This fourth extract describes one of my roadtrips through the South Island – a beautiful country that had more than a few echoes of Scotland. The photo below was taken later on that day, somewhere north of Queenstown. It wouldn’t be a stretch of the imagination to picture this scene somewhere in the Scottish Highlands.
The following day, I headed south. After two nights in Takaka I needed to get some serious miles under my belt, because I was aiming to be at Mullet Bay at the bottom of the South Island by the end of the following day. A cursory check of a map suggested the town of Haast on the south-west coast of the South Island would be a good stop-off. It appeared a little over halfway to Invercargill and according to my guidebook it boasted some budget accommodation. At roughly eight hours away it would be just about all the driving I’d comfortably do in a day.
I hit the road and began what was probably the most scenic and varied leg of my journey. I headed down the main highway on the South Island’s west coast, passing through lush open countryside, with high mountain peaks rarely far away and on occasions towering over me angrily as I negotiated steep climbs and drove through reassuringly Scottish mountain rain. The road was right on the coast for stretches too, the highway negotiating deftly between steep, rocky cliffs and crashing waves. It wasn’t cold but there was a breeze and dampness in the air that gave the country an almost eerie familiarity; as if it was a long-forgotten part of Scotland, or a belatedly remembered dream.
Driving alone through such mesmerising scenery, and without much in the way of other traffic, I often lost any sense of context with regard to my speed. When driving long distances, you rely to some extent on other vehicles to give you a relative idea of how fast you’re going, as if part of an unspoken convoy. Given the South Island’s sparse population, though, particularly on this side of the island, I found myself hitting high speeds on some of the straight stretches through flat farming country. At one point a police car headed towards me, the uniformed driver pointing angrily downwards as he passed, a clear indication to slow down. I half expected him to turn round and appear a couple of minutes later in my rear-view mirror, but he clearly judged his warning to be enough, and it certainly was.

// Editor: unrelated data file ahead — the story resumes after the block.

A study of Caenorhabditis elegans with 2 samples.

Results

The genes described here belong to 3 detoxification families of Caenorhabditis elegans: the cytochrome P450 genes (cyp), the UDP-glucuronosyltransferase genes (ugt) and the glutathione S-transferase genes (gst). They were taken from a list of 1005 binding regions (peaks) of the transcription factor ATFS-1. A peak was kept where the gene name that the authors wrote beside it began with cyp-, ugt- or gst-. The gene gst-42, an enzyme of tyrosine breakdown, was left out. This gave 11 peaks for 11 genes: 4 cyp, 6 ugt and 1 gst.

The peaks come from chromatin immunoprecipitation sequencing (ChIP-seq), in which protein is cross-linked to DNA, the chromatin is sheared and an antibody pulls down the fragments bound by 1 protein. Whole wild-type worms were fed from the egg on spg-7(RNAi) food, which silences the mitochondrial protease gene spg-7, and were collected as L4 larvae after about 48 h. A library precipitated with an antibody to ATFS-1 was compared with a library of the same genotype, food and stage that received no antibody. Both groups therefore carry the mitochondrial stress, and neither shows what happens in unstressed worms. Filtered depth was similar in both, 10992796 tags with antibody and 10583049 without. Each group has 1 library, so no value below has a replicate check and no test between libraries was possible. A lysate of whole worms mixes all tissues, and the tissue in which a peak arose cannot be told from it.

I only stopped once, for lunch at a roadside pub in the middle of nowhere. There were a few people inside enjoying a couple of beers, the prospect of which was incredibly tempting after a morning’s drive, but with many miles ahead of me I simply sipped a soft drink as I sat outside at a wooden table writing postcards, grateful for a break in the rain.
A chatty middle-aged man with a big beard and the build of a rugby player, who I took to be the owner, got into conversation with me as he brought my lunch out. He asked where I was from and what I was up to, and I told him a little about where I came from in Scotland.
A New Zealander born and bred, he said he’d gone to the UK for the first time a few years ago, and spent time in London. I asked how he’d found it.
“Disappointing,” came his response. “It wasn’t what I’d expected. I thought it would be something very English, like The Sweeney, but there were all these black faces instead.”